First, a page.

About Turbo51

Free Pascal compiler for 8051 microcontrollers



In 1979 Intel has introduced the 8051 as the first member of the MCS-51 family of microcontrollers. Today hundreds of cheap 8051 derivatives are available from tens of manufacturers. This makes the MCS-51 architecture so interesting for professionals and hobbyists. Intel had also defined an 8051 assembly language and offered a well-designed 8051 assembler, the legendary ASM51. Unfortunately, It is rather surprising fact that this 8-bit architecture is still in use today. You can find 8051 soft core also in FPGA and ASIC designs. In other words, it is still very popular.

Since there many excellent C compilers for 8051 you might ask why Pascal? I just like it. My experience with the 8051 architecture started with reverse engineering of some consumer electronics firmware in late 80s. At that time everything was done in assembly language and I wished there was a Pascal compiler for the 8051 architecture. There were some, but poor and expensive. As time went on, I worked on many projects involving 8051 derivatives. And then I found some literature about compilers.

Development of Turbo51 started in 2000 when I found that there is no good Pascal compiler for the 8051 family of microcontrollers and decided to write my own. Since I had a lot of experience with the Borland Turbo Pascal I decided to create a Pascal compiler for 8051 that will be fast as Turbo Pascal, will have the same syntax and will generate high quality optimized code. The first step was to create a compiler compatible with Turbo Pascal 7. This compiler was then modified to generate code for 8051 microcontrollers. Since the goal was also to have a compiler which will generate compact optimized code I have implemented many advanced code optimization algorithms like common subexpression elimination, instruction combining, loop-invariant code motion, code-block reordering and many others.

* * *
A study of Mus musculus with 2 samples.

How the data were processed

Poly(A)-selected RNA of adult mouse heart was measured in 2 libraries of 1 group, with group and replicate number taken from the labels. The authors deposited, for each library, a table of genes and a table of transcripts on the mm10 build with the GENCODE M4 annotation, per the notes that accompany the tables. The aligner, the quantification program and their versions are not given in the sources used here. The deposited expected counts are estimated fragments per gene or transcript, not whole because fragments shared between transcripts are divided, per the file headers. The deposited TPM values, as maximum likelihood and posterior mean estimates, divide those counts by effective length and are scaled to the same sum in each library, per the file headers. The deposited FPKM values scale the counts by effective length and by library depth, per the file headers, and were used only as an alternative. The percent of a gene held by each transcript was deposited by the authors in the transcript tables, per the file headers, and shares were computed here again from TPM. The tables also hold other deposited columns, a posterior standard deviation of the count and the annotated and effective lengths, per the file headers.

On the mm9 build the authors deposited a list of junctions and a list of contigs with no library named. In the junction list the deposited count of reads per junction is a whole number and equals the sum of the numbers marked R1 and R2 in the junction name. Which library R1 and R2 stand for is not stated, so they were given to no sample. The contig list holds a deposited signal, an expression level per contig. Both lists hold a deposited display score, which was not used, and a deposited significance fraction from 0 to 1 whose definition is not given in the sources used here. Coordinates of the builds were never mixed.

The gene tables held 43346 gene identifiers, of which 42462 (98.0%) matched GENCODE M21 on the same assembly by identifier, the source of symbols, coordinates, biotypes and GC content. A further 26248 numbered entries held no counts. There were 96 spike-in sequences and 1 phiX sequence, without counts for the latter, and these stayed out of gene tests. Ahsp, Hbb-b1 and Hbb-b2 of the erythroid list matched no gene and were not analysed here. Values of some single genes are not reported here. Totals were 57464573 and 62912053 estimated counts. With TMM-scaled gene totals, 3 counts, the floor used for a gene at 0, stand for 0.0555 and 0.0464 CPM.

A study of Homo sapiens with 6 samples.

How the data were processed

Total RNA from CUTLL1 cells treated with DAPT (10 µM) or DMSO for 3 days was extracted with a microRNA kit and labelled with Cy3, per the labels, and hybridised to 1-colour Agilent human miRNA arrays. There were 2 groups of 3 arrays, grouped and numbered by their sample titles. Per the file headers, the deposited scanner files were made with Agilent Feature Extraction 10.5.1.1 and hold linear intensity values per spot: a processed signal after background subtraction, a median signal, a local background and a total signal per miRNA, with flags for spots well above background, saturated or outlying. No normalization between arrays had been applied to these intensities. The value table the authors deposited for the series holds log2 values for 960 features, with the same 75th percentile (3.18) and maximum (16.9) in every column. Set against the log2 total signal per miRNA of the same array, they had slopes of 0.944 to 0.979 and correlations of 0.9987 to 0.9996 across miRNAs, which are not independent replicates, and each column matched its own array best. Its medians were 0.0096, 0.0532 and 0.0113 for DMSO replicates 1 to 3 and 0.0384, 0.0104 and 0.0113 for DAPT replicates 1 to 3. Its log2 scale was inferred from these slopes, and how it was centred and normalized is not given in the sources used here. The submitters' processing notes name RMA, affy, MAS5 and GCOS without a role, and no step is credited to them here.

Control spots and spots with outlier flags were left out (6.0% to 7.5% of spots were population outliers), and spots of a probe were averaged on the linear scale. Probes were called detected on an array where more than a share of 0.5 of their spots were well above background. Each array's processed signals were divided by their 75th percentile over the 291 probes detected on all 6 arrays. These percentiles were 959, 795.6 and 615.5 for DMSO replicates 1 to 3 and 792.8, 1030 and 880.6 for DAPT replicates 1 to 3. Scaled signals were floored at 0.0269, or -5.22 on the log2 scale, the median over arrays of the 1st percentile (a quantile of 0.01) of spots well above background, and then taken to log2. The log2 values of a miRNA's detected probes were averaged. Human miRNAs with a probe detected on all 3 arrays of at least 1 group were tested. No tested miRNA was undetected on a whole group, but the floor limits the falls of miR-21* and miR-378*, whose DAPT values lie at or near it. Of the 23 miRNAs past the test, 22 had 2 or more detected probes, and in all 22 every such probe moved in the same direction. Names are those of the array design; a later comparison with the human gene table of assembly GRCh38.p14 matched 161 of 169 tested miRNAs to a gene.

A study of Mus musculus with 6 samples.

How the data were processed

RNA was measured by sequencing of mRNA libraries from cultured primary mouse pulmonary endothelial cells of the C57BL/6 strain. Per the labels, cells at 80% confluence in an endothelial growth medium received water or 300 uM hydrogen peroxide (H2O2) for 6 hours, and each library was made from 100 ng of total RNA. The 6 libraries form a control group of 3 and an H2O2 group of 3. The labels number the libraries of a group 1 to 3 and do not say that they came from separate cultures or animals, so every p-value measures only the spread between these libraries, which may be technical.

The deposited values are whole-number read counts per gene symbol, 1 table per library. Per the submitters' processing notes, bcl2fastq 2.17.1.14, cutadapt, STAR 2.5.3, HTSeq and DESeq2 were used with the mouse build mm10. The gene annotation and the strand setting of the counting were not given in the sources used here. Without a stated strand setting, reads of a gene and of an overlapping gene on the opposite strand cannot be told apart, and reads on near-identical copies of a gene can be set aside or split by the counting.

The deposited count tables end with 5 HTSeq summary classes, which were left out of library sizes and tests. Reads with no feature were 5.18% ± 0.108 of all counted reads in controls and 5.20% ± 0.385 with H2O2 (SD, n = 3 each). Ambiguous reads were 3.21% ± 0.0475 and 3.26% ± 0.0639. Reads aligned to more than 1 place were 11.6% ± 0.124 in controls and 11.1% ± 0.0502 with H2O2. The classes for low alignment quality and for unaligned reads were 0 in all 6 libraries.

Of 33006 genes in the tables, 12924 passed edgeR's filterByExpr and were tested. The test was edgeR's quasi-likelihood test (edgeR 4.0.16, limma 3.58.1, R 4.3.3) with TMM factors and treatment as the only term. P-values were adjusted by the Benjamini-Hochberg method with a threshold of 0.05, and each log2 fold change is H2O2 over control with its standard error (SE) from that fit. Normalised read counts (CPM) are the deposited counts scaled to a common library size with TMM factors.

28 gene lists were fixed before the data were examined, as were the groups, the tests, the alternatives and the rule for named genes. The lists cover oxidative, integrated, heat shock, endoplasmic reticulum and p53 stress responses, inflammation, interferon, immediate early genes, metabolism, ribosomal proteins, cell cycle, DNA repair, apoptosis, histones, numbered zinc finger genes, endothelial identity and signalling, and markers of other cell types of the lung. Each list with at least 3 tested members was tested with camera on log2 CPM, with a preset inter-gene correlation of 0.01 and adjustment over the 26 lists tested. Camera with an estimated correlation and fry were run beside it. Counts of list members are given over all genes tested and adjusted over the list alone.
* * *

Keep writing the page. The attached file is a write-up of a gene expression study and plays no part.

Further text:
In 2005 Turbo51 was stable and reliable enough to be used for a real project. And it was. Since then I am using it for every project involving 8051 derivative microcontrollers. In 2008 I have decided to release it as freeware. That's how turbo51.com website was born. I run also a website igorfuna.com dedicated to other stuff (transmitting sites, DVB-T, etc.).

Since its release in 2008, Turbo51 is used by many hobby and professional embedded system engineers worldwide. I never imagined that Turbo51 will be used to compile such huge projects that would require changes in internal memory manager. I also never imagined that Turbo51 will be used for student courses. I am very happy to see that Pascal programming language is still alive and has many users.